Thoughts on Indonesia from an Inevitable Optimist

Since my arrival in Indonesia, I have been pressed with this elusive question: Why did I choose to apply for a Fulbright in this country, out of the dozens of other countries that I could have selected? There was something appealing about this diverse nation, something that has attracted many a traveler before me, but I did not quite know what it was. Although I have been unable able to answer this myself, what follows is my attempt to unravel my bemusement about the nature of this archipelago, that which makes it so alluring and mysterious.

In my United States passport, at the top of one of the visa endorsement pages, there’s a quote taken from Lyndon B. Johnson’s 1965 Presidential Inaugural Address. The quote reads:

For this is what America is all about. It is the uncrossed desert and the unclimbed ridge. It is the star that is not reached and the harvest sleeping in the unplowed ground. Is our world gone? We say ‘Farewell.’ Is a new world coming? We welcome it–and we will bend it to the hopes of man.”

Below the quote is a picture of two cowboys on horseback, wrangling a herd of longhorns across a vast plain with a distant mountain range in the background.

I have often read over this quote while looking through my passport in airport terminals before a flight. I can understand its relevance, and I’m sure that, at the time of its delivery, it was a stirring piece of narration indeed. However, I can’t always help but think that the quote is an ominous indicator of the changes America, and our planet, have undergone since 1965. (I think it is safe to say that America has done more than its fair share of “bending” in the last fifty years.)

But I digress. To me, the quote has lost its applicability to the idea of American expansion. However, I do feel it provides a powerful lens through which to analyze an American’s motivations to travel to Indonesia.

In my experience, the majority of Americans know close to nothing about Indonesia. Before doing some research during my application, I was one of them. I saw Indonesia as a smoky forest, dimly illuminated by foggy twilight. I didn’t know what secrets it hid, but I knew what secrets I wanted it to, especially in terms of its physical qualities and the metaphysical characteristics it might bring out in me. I saw myself emerging from a year in Indonesia infinitely richer with unnamed experiences and insight absorbed through my interactions with this mysterious land. It was this mysteriousness, this obscurity, which made Indonesia all the more appealing.

An idyllic sunset over the water. Some aspects of Indonesia truly do surpass our imagination. (Nicholas Hughes/Indonesiaful)

An idyllic sunset over the water. Some aspects of Indonesia truly do surpass our imagination. (Nicholas Hughes/Indonesiaful)

This is where I find the first half of the aforementioned quote to hold value—for me, Indonesia was the “uncrossed desert and the unclimbed ridge” just waiting to be explored. I viewed my going to Indonesia as both a new journey to an unfamiliar destination and a step away from my comfortable suburban life.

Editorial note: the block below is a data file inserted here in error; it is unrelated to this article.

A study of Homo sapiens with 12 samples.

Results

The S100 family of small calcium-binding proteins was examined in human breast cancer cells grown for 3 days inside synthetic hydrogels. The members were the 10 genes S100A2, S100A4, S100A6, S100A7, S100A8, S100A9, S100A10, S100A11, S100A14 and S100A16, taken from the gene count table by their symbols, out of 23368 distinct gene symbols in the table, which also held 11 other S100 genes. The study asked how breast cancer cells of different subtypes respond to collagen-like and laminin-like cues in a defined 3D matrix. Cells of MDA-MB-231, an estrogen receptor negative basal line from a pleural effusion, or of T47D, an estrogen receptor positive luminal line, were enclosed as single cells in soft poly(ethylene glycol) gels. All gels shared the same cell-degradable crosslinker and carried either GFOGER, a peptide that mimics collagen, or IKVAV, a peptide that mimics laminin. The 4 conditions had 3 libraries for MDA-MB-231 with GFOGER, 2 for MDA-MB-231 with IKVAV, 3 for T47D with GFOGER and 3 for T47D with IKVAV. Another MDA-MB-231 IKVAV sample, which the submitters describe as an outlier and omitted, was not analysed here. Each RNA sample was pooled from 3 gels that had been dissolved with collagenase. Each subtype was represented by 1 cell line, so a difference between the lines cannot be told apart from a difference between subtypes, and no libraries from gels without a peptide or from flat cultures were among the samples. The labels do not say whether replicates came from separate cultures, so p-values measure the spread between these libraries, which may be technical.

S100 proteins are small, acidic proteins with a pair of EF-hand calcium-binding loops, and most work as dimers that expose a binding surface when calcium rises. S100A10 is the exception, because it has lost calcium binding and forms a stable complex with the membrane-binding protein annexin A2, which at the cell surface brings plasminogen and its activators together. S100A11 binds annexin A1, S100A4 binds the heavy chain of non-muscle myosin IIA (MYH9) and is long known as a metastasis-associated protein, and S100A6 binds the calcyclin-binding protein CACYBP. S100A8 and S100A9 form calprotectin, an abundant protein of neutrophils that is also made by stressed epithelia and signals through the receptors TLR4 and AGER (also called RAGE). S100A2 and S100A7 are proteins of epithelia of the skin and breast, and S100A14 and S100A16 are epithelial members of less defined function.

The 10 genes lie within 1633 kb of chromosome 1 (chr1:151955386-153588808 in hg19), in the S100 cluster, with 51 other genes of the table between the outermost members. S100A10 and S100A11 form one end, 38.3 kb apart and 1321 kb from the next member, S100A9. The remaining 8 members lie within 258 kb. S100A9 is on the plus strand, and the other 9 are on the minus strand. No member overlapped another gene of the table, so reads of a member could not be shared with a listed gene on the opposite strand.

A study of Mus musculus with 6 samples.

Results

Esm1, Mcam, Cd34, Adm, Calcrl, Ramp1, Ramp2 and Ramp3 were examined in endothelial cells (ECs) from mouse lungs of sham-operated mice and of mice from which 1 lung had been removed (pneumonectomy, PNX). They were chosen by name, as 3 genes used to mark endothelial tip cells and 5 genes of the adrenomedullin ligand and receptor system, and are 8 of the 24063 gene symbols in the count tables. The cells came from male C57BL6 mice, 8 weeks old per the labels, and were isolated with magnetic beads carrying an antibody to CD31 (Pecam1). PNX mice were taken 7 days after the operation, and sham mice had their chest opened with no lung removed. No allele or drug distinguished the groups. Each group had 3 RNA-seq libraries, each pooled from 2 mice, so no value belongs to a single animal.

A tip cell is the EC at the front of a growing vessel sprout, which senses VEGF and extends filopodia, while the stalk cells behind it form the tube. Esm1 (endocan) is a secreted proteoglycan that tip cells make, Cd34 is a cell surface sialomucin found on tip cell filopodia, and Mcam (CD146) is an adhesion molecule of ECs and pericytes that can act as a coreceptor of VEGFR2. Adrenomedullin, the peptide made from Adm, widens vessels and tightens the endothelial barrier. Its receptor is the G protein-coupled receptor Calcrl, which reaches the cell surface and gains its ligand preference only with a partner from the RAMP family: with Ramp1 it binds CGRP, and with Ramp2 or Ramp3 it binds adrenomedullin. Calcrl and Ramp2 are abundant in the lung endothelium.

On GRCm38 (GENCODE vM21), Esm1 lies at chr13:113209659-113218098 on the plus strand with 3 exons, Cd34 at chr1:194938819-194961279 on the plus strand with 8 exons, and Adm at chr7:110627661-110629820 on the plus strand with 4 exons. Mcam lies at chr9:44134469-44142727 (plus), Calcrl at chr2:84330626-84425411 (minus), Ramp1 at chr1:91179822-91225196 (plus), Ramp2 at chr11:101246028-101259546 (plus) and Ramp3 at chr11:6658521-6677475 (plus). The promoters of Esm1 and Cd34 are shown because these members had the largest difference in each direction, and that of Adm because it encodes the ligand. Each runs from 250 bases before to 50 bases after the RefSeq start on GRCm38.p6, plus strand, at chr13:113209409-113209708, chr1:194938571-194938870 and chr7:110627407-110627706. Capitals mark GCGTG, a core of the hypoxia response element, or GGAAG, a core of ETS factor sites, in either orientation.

After living for just one week in Kupang, Indonesia, I can already see that this experience is going to be much different from the romantic, idealistic picture I had composed for myself pre-departure. However, I do not say this with disdain or disappointment, but rather with elation. I saw Indonesia to be an enchanting resource for me to learn and develop from, and it has been. I have greatly enjoyed facing the challenges of learning such an unfamiliar language and culture, as well as meeting multitudes of pleasantly perplexing people. What I overlooked is that, to the students for whom I will serve as a teacher, I will be the same exciting, untapped resource as the unfamiliar country will be for me.

I don’t mean this in a narcissistic I’m-so-awesome sort of way. What I mean is that for my students to have a young, twenty-two year old American man (a real bule!) teaching them provides a connection to the fascinating country of America in their classroom. And by connection I mean a real connection, as opposed to the glimpse of America they see through pop culture and media. I also didn’t realize how enthralling the students would be—I can already see that the education I will receive from interacting with these students will be difficult to surpass in terms of what I can give back to them (but I will try!).

So, although I set off for Indonesia intending to “bend” it to satisfy my thirst for cultural education, I realize now that my students and new friends will be the ones inadvertently shaping me through their mesmerizing curiosity. This is what I couldn’t grasp before leaving for Indonesia—the country is not a sleeping giant waiting for you to explore so much as it is a colossal being eager to explore you. Oh, and does it explore you! Through the constant inquiries about your comings and goings and sometimes-prying questions about your personal life, the people of Indonesia are not bashful about their curiosity.

The beauty of this relationship is that if this past week is a sign of what’s to come, I can only imagine the vastly rich experience that both parties will gain from a bewildered bule wandering around Indonesia for nine months. The only thing to do is let my guard down and embrace this new adventure. So, as LBJ beckoned to the American people in 1965, I say “Farewell” to the world I knew, and throw myself blindly into the “sleeping harvest” that Indonesia holds for me.

About the author: Nicholas Hughes is a Fulbright English Teaching Assistant in Kupang, East Nusa Tenggara. He graduated from Rutgers University in 2013 with a double major in English and Anthropology.